Finding lost sheep

I may be selling my place soon. There are a couple projects that should be done before putting it on the market. The master bedroom needs to be painted, and the kitchen and entry have vinyl on the floor. I’d like to replace it with tile. So I contacted a few local contractors to see what their prices were.

Then it occurred to me that this might be a good opportunity to reach out to my ex. He is very handy and can definitely do both of those things. I thought it might be a pleasant way to begin a positive dialog about a non-controversial subject. Here is what I texted him on Saturday morning:

Hi Jxxx. I hope you are doing well. I was wondering if you and [our son] would be willing to do a couple projects at my place. I have to hire somebody and I thought of you guys. I need the walls painted in my master bedroom, and also some floor tile put down in a couple different areas of my house. If you’re interested, let me know. I’ll definitely pay you guys whatever the going rate is. Thanks.

About 8.5 hours later, he responded:

Have you yet realized how you seriously f’ked up? Divorcing me was the stupidest thing anyone I’ve ever known ever did. No, I’m not going to help you with your condo. You divorced me and you annulled our marriage. Stupid. If you want to ever have a relationship with me as your ex, reverse the annulment. Send letters to the Catholic diocese and all your stupid witnesses and tell them you lied and you were wrong. Get it reversed and then I’ll talk to you. Otherwise leave me the freak alone.

Here is what I said back to him:

This is abusive. I did not lie, and you don’t get to dictate how I felt about our arranged marriage. We could still be friends, and our children deserve that. I thought we had a very nice time at [our eldest daughter’s] wedding, and hoped that perhaps that could be the start of a new and positive chapter between you and I. Your commitment to [name of cult leader] and [name of cult] is clouding your judgement.

Then I made a reference to the Matrix, a movie he loves. We watched it together many times:

You have to trust me. Why? Because you have been down there. You know that road. You know exactly where it ends. And I know that’s not where you want to be.

Here is the scene I was referencing. I feel very confident that he knew what I was referring to.

He did not respond.

I have thought for a long time that he has Borderline Personality Disorder. I’ll go into those details in a future blog. The short version is that people with BPD can get flooded with emotions which they cannot manage. The emotions are so strong that they cannot use their brains for higher order thinking skills. Without realizing it at the time, I now see that I triggered him, because what he said was highly emotional and did not make any sense:

  • He is not Catholic and so in a very practical way, the annulment does not effect him.
  • He is engaged to marry another woman. If he believes that God still views us as married, then he’s admitting that he is in a state of adultery.
  • The annulment was finished almost three years ago.
  • He fought the annulment, and at the same time was dating a woman and engaging in sex with her.
  • He actually DID lie to the diocese and I provided proof of it.

I called my cousin the next day and told her about the text messages. She said that she thinks he still loves me. I said, “Well, maybe, but he’s trying to catch flies with vinegar.” She pointed out that sometimes there is a fine line between love and hate.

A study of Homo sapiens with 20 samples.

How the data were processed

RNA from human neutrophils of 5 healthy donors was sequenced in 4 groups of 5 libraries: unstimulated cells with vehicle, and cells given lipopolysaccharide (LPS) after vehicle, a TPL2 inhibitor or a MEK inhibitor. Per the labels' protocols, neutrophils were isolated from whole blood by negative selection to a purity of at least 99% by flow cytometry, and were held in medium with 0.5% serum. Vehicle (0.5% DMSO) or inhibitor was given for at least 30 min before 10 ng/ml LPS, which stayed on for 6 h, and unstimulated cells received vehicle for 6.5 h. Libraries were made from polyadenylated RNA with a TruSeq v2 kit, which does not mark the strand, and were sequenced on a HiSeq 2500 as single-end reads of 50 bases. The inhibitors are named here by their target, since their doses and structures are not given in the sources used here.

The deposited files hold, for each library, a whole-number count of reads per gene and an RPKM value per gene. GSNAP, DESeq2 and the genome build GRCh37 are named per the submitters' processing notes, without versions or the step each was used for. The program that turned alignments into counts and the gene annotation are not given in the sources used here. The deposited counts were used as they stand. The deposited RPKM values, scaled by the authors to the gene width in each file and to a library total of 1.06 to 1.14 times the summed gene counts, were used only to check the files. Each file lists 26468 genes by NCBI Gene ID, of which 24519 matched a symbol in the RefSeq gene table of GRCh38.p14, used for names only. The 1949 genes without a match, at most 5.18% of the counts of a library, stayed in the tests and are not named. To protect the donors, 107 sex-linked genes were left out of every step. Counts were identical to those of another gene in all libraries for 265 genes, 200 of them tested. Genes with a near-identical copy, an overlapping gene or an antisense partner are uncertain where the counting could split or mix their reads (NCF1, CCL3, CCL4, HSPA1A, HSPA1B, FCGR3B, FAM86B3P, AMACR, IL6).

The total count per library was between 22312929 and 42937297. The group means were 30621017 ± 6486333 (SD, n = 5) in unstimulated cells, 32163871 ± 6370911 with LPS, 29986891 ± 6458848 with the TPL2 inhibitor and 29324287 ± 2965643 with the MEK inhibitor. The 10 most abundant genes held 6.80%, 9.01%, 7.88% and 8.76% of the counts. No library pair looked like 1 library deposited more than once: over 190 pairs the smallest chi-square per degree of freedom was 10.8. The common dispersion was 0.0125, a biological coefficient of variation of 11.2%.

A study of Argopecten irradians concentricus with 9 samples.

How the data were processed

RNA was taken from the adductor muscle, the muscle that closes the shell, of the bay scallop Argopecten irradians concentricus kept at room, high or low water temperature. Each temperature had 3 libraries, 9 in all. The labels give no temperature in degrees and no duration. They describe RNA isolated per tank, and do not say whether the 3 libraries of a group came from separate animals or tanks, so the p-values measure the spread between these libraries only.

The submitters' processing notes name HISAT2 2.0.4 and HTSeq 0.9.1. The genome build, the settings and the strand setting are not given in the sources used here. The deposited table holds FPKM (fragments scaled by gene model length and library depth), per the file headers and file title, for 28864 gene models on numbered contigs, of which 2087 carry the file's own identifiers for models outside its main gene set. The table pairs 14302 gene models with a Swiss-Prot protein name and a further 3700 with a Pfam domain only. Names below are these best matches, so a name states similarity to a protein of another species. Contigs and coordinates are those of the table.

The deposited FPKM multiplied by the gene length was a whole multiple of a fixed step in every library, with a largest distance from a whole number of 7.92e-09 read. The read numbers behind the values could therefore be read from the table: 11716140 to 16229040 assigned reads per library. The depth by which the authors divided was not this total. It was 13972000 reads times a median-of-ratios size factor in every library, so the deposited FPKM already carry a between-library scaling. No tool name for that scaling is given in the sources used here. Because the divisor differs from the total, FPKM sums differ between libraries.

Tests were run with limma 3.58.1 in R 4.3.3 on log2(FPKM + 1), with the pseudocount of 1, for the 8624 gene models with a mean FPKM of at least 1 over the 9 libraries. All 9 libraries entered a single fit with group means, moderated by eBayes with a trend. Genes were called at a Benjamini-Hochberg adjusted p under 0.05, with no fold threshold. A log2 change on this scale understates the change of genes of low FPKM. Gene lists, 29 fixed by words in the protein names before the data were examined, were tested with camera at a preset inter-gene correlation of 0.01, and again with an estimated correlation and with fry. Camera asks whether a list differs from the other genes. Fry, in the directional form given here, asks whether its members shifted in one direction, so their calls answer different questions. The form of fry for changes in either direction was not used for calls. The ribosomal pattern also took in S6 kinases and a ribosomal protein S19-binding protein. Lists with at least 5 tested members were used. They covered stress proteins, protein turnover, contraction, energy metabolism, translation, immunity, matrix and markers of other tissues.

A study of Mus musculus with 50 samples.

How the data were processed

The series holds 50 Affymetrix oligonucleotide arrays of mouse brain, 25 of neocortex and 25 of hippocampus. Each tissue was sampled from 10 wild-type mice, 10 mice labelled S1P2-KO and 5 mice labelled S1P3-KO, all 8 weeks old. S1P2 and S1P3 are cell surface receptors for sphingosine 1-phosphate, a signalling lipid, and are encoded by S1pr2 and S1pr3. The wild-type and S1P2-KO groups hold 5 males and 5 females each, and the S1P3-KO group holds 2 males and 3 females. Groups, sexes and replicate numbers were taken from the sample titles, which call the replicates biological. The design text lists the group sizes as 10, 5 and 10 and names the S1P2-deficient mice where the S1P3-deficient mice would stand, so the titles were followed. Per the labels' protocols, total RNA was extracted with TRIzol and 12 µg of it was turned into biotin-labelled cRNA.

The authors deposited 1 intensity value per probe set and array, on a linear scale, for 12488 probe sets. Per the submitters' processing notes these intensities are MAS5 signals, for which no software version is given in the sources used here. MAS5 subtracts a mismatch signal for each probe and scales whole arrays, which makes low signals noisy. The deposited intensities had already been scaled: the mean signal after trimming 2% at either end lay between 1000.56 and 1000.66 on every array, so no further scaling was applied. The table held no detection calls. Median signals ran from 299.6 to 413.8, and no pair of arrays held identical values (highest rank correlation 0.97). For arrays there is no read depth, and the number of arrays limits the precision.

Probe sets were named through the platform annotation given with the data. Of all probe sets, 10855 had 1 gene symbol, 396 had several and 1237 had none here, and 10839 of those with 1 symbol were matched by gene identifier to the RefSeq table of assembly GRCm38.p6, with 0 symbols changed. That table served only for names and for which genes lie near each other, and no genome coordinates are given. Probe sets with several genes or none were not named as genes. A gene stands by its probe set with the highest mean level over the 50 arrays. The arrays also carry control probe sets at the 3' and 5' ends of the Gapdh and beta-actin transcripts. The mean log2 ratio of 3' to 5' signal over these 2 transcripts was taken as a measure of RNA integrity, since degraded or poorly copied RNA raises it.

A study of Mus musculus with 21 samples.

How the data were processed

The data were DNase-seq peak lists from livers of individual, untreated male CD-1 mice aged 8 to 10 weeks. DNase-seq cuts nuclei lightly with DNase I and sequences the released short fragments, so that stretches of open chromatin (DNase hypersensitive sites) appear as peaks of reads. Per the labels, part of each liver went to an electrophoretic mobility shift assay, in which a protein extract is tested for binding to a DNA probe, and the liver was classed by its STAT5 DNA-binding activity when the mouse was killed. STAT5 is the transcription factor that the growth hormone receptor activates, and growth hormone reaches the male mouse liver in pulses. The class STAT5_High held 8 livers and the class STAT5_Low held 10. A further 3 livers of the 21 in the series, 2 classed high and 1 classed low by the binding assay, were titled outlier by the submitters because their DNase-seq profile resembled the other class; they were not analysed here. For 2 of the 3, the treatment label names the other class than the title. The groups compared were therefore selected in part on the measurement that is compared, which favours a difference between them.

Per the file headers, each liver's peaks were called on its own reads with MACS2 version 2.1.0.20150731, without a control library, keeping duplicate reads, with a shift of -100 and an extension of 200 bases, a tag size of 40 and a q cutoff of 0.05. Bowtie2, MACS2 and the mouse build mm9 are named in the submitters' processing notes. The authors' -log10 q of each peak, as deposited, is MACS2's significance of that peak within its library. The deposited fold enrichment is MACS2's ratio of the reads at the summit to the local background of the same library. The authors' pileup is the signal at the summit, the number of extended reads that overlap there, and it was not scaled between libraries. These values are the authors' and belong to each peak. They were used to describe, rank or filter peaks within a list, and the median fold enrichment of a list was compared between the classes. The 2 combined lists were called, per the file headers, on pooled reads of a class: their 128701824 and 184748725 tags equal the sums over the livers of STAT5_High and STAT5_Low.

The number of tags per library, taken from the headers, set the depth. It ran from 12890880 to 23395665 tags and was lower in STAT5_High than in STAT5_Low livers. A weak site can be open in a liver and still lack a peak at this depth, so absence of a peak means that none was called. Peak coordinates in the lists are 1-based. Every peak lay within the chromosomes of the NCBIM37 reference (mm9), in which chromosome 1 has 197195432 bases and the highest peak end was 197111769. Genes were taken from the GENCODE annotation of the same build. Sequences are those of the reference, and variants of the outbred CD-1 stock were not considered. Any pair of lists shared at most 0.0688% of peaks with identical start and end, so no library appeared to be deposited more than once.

Maybe he does still love me, but I take his nonsensical reasoning as evidence for BPD. I’ve wondered about his BPD for about five years, but I just didn’t want to face it. But that text exchange is a great example of what I had to deal with on a nearly-daily basis for 20 years–nonsensical reasoning created by emotional flooding from a man with an undiagnosed personality disorder who believes that a narcissistic cult leader is his guru. It would be funny if it wasn’t so sad. Even reading that makes me feel so dumb for being so gullible.  

Later, I realized that pretty much anytime we communicate anymore (which is rare), he mentions the annulment and how much it hurt him. I’ve never actually explained to him why I did it, so I decided to write him a letter. As I worked on it, I came across the Gospel reading for the day (Aug. 9), which includes these words of Jesus from Matthew 18:

What is your opinion? If a man has a hundred sheep and one of them goes astray, will he not leave the ninety-nine in the hills and go in search of the stray? And if he finds it, amen, I say to you, he rejoices more over it than over the ninety-nine that did not stray. In just the same way, it is not the will of your heavenly Father that one of these little ones be lost.

This really inspired me. He is the father of my children. Rightly or wrongly, I believe that I have a duty to him because of my duty to them. He is half of who they are, and I won’t pretend otherwise even though I often wish I could. So I collected my thoughts, prayed a lot, asked others to pray with me, and wrote him a letter explaining why I sought the annulment. It went into the mail yesterday (Wed.).


I'm an adult child of divorce, having been raised in multiple divorce/remarriage situations. I'm writing in order to shed light on the problems of divorce from the perspective of the child. I will also discuss problems with other non-triad family structures, since there is a lot of overlap. People often think that better parenting skills will overcome problems in non-triad arrangements. While I agree that parenting skills are important, they cannot overcome the problems I discuss such as fractured ontology and perpetual liminality. I converted to the Catholic faith in 2012, and will discuss Catholic things from time to time as well.